Dairy Industry Praises USDA-Baylor University Partnership to Support New SNAP Milk Incentive Program

IDFA

Michael Dykes, D.V.M., President and CEO of the International Dairy Foods Association, released the following statement today in support of the U.S. Department of Agriculture’s award of nearly $1 million to the Baylor University Collaborative on Hunger and Poverty to implement the new pilot program designed to encourage Supplemental Nutrition Assistance Program (SNAP) participants to purchase and consume milk as part of a healthy, balanced diet.

“IDFA is so pleased to see the Healthy Fluid Milk Incentive program take flight through this important partnership between USDA and the Baylor University Collaborative on Hunger and Poverty. Today, more than 43 million people receive critical assistance through the SNAP program, with the number of food insecure Americans growing each day due to the pandemic. IDFA has been instrumental in working with anti-hunger champions in Congress and USDA to create the SNAP incentive program. HFMI provides incentives to SNAP recipients to purchase and consume more healthy, nutritious fluid milk. Roughly 43% of SNAP households have children, and IDFA wants to remove barriers so participants and their children can get at least the minimum number of daily dairy servings recommended by the Dietary Guidelines for Americans. As the American Academy of Pediatrics has found, dairy products

play an important role in the diet of children. In fact, milk is the leading food source of three of the four nutrients of public health concern—calcium, vitamin D, and potassium—as well as the number one protein source in the diets of American children. Milk is a super food for people of all ages, and the HFMI program is designed to put more healthy milk on the tables of Americans in need.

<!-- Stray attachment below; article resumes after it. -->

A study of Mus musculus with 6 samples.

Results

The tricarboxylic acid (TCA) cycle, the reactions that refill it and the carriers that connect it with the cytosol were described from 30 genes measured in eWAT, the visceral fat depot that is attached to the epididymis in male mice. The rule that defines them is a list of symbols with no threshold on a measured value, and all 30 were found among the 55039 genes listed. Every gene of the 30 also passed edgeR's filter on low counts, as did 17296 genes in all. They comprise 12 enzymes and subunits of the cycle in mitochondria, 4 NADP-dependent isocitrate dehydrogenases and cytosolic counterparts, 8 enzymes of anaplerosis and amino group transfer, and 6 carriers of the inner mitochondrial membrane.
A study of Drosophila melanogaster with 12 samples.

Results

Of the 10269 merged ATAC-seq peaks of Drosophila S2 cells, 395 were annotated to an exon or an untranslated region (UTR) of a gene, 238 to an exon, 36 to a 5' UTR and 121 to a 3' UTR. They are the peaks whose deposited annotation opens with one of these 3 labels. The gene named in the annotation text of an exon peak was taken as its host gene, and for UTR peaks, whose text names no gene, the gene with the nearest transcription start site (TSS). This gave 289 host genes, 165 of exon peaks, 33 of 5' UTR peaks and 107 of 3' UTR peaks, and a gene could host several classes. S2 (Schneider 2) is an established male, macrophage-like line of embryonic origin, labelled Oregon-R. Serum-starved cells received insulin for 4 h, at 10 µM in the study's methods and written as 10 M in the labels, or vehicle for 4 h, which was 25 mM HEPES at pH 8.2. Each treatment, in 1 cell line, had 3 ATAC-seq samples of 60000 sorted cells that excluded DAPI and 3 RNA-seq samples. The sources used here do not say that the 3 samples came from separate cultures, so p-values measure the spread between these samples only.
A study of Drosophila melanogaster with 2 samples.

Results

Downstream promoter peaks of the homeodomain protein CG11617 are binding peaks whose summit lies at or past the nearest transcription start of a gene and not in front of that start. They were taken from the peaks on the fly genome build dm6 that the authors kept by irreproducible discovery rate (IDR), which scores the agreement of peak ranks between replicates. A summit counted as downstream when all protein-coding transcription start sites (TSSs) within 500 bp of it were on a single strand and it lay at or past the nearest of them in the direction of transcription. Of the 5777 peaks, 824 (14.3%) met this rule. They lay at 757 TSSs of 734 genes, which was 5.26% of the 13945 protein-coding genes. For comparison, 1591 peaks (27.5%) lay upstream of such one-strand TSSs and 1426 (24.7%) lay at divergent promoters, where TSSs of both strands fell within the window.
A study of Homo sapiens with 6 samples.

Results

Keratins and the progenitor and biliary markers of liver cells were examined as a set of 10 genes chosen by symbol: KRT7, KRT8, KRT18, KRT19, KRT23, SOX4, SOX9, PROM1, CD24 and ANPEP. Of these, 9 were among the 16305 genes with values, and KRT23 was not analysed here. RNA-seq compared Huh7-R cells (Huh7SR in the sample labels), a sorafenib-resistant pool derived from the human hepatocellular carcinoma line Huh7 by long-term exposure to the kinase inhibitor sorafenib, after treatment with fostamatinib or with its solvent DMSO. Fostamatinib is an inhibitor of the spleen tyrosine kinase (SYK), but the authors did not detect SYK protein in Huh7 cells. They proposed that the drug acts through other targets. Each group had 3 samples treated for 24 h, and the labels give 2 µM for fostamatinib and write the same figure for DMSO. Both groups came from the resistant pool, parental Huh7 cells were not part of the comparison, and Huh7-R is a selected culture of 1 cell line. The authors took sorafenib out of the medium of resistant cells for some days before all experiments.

“According to USDA, through a cooperative agreement with the Baylor University Collaborative on Hunger and Poverty, SNAP participants shopping at select grocery stores in Texas will receive incentives for purchasing qualifying milk. The program is expected to be fully operational by May 2021, and incentives will be tested for one year. IDFA applauds USDA for employing innovative techniques to help make nutritious foods more accessible for low-income Americans in partnership with an esteemed organization in the Baylor University Collaborative on Hunger and Poverty.

“IDFA also thanks bipartisan champions in Congress for creating the HFMI program in the 2018 Farm Bill to encourage consumption of milk, which is part of a well-rounded, nutritious diet as described in the Dietary Guidelines for Americans. The HFMI pilot builds on the success of previous incentive programs, which have been shown to impact households’ purchasing decisions and diet.

“As Congress considers the appropriations bills to fund USDA programs in the next fiscal year, IDFA strongly encourages Congress to significantly increase the level of funding beyond the current $1 million for this important program. As a bipartisan effort embraced by Congress and the Administration, the Healthy Fluid Milk Incentive program is a ray of light in our battle against food insecurity and undernutrition.”